Pass Me Not, O Gentle Savior

Here is a hymn that is cherished in my heart. It is written from a singer’s perspective, knowing there is nothing we can do to save ourselves, only Jesus’ grace can give us hope, strengthen our unbelief, comfort us, and heal our hearts when they are broken. I sing this song to myself when times like these arise–sometimes it is hard to find words to pray, but I can repeat this hymn as words in my heart.

Pass Me Not, O Gentle Savior

1 Pass me not, O gentle Savior,

hear my humble cry;

while on others thou art calling,

do not pass me by.


Savior, Savior,

hear my humble cry;

while on others thou art calling,

do not pass me by.

2 Let me at thy throne of mercy

find a sweet relief;

kneeling there in deep contrition,

help my unbelief. [Refrain]

3 Trusting only in thy merit,

would I seek thy face;

heal my wounded, broken spirit,

save me by thy grace. [Refrain]

4 Thou the spring of all my comfort,

more than life to me,

whom have I on earth beside thee?

Whom in heaven but thee? [Refrain]

The hymn reminds me of two moments along Jesus’ journey. The first is Mark 10:46-11:10, when Jesus heals Bartimaeus.

And they came to Jericho. And as he was leaving Jericho with his disciples and a great crowd, Bartimaeus, a blind beggar, the son of Timaeus, was sitting by the roadside. 47 And when he heard that it was Jesus of Nazareth, he began to cry out and say, “Jesus, Son of David, have mercy on me!” 48 And many rebuked him, telling him to be silent. But he cried out all the more, “Son of David, have mercy on me!”

Despite others telling him to be silent, Bartimaeus reaches out in the darkness with his faith to call on Jesus. Bartimaeus did not need to see Jesus to have faith and to know and feel his presence and power. We do not need to see Jesus, we do not need signs or signals along our faith journeys, we just need to call out to him. Our gentle Savior hears our cries and comforts us.

The other moment is in Luke 19:1-10, with Zacchaeus the tax collector who climbs a tree to see Jesus. Zacchaeus’ work as a tax collector did not prevent Jesus from going to his house for “Jesus said to him, “Today salvation has come to this house, since he also is a son of Abraham. 10 For the Son of Man came to seek and to save the lost.”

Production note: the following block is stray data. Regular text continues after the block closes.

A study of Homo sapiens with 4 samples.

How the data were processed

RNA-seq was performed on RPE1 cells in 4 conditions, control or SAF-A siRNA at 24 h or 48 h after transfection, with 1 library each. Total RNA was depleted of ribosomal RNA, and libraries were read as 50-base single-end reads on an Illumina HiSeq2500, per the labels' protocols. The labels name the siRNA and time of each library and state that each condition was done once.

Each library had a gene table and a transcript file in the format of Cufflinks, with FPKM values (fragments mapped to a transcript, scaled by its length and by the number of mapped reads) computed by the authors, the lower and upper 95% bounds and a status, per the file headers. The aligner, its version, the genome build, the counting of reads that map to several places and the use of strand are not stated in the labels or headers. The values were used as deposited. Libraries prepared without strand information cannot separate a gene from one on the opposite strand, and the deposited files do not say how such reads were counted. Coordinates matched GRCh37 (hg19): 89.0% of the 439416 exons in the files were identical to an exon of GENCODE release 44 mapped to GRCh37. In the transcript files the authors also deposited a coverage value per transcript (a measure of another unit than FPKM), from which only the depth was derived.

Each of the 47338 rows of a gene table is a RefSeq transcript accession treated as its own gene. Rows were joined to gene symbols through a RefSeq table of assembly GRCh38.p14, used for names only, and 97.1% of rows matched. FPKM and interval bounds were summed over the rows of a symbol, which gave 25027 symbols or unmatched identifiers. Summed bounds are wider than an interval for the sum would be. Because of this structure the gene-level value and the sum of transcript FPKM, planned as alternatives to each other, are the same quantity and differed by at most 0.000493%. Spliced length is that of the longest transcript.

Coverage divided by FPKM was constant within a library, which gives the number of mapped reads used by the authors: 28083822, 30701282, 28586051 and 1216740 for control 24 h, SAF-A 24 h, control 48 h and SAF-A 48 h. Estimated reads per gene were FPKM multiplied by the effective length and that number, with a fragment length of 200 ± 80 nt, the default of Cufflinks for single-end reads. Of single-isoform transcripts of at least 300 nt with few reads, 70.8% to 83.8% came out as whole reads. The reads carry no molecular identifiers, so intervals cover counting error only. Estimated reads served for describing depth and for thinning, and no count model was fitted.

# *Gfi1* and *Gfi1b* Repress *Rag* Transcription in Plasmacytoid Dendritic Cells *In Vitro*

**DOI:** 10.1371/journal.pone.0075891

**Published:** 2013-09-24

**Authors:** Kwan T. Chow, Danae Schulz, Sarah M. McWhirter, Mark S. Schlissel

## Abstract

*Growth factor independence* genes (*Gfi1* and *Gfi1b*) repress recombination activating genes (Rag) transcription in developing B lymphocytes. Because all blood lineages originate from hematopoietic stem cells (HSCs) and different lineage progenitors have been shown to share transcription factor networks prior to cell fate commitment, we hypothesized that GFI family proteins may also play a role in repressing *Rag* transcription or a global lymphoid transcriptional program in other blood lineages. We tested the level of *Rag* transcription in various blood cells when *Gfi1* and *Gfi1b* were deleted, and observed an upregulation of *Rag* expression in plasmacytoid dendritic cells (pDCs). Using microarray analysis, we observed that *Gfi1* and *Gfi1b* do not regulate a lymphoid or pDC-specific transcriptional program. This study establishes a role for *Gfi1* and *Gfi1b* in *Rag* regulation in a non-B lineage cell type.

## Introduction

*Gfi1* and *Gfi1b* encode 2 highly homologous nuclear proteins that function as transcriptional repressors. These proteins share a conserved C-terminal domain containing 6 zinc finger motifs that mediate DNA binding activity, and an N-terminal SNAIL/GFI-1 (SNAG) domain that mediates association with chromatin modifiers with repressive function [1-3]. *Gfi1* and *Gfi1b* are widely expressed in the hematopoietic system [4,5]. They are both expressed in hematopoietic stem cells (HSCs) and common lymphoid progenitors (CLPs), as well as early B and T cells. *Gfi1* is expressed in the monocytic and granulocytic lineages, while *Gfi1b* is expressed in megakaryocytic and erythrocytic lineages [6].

Two moments, one of blind faith of someone literally blind and the other of blind faith of someone who could see clearly. In both instances, Jesus shows his overwhelming love for us, his power, and his life as the greatest example we could follow.

Pass me not” and “Do not pass me by” are lyrics that do not mean that God will pass you by if you seek him out. They are from the perspective of the singer asking for help. We are to pray with humility and with the comfort that He will not pass us by because His work has already been done on the cross. No further work is needed, just our submission to him (in deep contrition).

In a time where many churches are turning away from hymns, I encourage you to seek them out for your own. Many are just as relevant today as they were 150 years ago. I have found that many worship songs are about what we can do for God, but oftentimes, I feel that I am singing a lie because I am not always going to be able to hold up my side of the deal. This song is so honest in that all we can do is pray for His help as we go through our lives–it gives God all the glory.

I hope you are comforted by this powerful song of hope, comfort, and trust in Jesus.


Here are some song examples below:

Melancholy Version


More Upbeat Version



Piano with Singing


There are also some great versions on Spotify.

**Some background on this hymn: It was written by Fanny Jay Crosby in 1868. She wrote over 8,000 hymns. Crosby became blind shortly after birth–her hymns are beautiful testimony to her faith in Christ.